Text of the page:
African Journal of
Microbiology Research

  • Abbreviation: Afr. J. Microbiol. Res.
  • Language: English
  • ISSN: 1996-0808
  • DOI: 10.5897/AJMR
  • Start Year: 2007
  • Published Articles: 4837

Full Length Research Paper

The interactions between esp, fsr, gelE genes and biofilm formation and pfge analysis of clinical Enterococcus faecium strains

Maryam Diani
  • Maryam Diani
  • University of Ankara, Institute of Biotechnology, 06110, Ankara, Turkey
  • Google Scholar
Ozlem Gunay Esiyok
  • Ozlem Gunay Esiyok
  • University of Ankara, Institute of Biotechnology, 06110, Ankara, Turkey
  • Google Scholar
M. Nima Ariafar
  • M. Nima Ariafar
  • University of Ankara, Institute of Biotechnology, 06110, Ankara, Turkey
  • Google Scholar
Fatma Neslihan Yuksel
  • Fatma Neslihan Yuksel
  • University of Ankara, Department of Biology, 06110, Ankara, Turkey
  • Google Scholar
Evrim Gunes Altuntas
  • Evrim Gunes Altuntas
  • University of Ankara, Institute of Biotechnology, 06110, Ankara, Turkey
  • Google Scholar
Nefise Akcelik
  • Nefise Akcelik
  • University of Ankara, Institute of Biotechnology, 06110, Ankara, Turkey
  • Google Scholar


  •  Received: 07 August 2013
  •  Accepted: 25 November 2013
  •  Published: 08 January 2014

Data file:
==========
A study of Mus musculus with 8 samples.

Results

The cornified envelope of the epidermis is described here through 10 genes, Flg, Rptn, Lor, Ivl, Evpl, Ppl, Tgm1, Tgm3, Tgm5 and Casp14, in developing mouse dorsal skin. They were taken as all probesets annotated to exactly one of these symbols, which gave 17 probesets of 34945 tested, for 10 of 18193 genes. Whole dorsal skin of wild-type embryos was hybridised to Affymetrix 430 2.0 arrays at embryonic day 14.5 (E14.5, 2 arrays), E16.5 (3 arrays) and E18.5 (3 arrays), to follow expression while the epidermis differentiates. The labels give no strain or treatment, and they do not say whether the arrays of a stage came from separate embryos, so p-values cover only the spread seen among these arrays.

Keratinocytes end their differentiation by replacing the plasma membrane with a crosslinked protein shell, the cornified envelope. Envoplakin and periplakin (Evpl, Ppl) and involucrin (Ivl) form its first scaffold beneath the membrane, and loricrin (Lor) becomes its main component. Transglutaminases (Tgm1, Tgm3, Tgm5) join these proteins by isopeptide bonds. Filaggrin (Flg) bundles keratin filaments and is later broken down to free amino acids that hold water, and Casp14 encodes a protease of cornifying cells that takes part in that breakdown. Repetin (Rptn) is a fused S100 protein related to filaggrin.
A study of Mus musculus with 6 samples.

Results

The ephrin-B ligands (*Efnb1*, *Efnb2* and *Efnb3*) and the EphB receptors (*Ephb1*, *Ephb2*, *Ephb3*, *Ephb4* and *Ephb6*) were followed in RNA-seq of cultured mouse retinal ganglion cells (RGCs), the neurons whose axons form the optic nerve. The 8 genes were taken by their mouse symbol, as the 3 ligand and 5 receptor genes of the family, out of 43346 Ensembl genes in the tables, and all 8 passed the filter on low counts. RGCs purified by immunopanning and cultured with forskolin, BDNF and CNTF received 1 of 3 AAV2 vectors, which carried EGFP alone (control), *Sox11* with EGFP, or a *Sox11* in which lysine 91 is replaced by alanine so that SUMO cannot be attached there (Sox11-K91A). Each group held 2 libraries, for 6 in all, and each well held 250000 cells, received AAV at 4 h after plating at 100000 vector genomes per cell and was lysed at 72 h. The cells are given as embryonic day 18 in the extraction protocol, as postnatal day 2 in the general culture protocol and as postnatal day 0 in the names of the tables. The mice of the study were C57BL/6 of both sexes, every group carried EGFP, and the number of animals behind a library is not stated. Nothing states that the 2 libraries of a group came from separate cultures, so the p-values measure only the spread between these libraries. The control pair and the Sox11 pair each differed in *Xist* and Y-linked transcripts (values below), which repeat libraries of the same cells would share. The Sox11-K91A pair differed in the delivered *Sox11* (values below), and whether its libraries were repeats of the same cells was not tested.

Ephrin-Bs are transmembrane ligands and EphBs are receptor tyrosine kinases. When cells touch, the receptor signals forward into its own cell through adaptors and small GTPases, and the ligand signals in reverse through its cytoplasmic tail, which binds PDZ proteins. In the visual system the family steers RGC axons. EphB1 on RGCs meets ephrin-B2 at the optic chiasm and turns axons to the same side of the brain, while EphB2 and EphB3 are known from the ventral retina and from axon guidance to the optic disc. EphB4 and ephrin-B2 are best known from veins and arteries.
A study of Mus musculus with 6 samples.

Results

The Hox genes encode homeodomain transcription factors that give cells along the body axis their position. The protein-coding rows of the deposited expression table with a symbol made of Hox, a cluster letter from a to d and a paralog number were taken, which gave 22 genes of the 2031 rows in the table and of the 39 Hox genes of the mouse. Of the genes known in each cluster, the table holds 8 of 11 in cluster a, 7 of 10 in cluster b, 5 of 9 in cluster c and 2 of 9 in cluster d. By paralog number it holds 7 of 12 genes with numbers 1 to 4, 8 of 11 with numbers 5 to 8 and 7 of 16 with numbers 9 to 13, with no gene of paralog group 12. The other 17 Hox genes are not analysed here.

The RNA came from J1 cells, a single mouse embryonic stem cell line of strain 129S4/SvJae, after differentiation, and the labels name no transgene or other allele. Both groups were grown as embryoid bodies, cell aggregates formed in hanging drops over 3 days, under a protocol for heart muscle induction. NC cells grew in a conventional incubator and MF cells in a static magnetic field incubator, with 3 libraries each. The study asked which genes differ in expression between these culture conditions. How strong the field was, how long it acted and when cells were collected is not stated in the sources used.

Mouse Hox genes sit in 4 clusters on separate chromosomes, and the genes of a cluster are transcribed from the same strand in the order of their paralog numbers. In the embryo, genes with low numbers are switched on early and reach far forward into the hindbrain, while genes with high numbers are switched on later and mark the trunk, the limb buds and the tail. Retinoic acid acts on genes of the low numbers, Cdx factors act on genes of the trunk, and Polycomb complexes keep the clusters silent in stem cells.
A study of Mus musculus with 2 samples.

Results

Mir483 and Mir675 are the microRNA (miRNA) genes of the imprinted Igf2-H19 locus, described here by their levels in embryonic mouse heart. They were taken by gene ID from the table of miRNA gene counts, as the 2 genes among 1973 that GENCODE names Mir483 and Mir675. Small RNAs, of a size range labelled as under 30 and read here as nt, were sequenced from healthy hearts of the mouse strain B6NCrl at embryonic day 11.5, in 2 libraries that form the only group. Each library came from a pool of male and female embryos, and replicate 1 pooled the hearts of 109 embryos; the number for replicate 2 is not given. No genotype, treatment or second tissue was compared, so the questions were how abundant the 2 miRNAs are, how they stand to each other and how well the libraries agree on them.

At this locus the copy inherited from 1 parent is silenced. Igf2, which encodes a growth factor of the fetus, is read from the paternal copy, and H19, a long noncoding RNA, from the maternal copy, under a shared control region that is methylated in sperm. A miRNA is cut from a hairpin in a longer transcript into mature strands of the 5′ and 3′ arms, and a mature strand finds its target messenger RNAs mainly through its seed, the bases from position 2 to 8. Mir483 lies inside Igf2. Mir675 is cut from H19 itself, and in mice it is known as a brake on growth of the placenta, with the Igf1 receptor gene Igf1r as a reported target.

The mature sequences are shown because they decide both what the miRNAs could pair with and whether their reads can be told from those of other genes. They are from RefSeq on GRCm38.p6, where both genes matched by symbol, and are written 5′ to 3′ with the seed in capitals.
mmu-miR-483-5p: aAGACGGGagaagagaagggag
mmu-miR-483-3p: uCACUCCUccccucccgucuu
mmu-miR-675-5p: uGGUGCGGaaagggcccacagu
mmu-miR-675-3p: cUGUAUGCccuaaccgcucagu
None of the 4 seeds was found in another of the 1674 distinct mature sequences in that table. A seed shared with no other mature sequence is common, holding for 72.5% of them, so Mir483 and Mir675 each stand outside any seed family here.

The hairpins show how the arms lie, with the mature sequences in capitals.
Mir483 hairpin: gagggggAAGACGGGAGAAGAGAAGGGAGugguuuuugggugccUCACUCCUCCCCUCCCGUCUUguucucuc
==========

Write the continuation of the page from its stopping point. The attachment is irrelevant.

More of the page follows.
Abstract

Enterococcus faecium has become an increasingly important nosocomial pathogen due to formation of biofilms on several surfaces. Sixty one (61) E. faecium strains isolated from blood, urine and fecal were assessed for biofilm production, the effect of different glucose concentration on biofilm production and also the presence of esp, fsr and gelE genes. Pulsed field gel electrophoresis (PFGE) method was performed to show chromosomal similarities and also to determine correlation between biofilm formation ability and genetic identity of E. faecium strains. It was observed that glucose concentration of the medium and incubation period can affect biofilm formation of the bacteria. When tested strains were incubated in a medium containing 1% glucose for 48 h, 66.66% of urine isolates, 60.71% fecal isolates and 25% of blood isolates produced strong biofilm structures. esp-positive strains (80% of the all isolates) were also identified as strong biofilm producers compared to esp-negative isolates. As a result of PFGE analyses, isolates numbered 14 (isolated from fecal sample) and 81 (isolated from blood sample) were classified in minor group B at a level of 48% similarity. Out of these two isolates, all the isolates were included in major group A with 43% similarity level and this group was subdivided into six subgroups.

 

Key words: Enterococcus faecium, biofilm, Pulsed Field Gel Electrophoresis (PFGE), esp, fsr, gelE.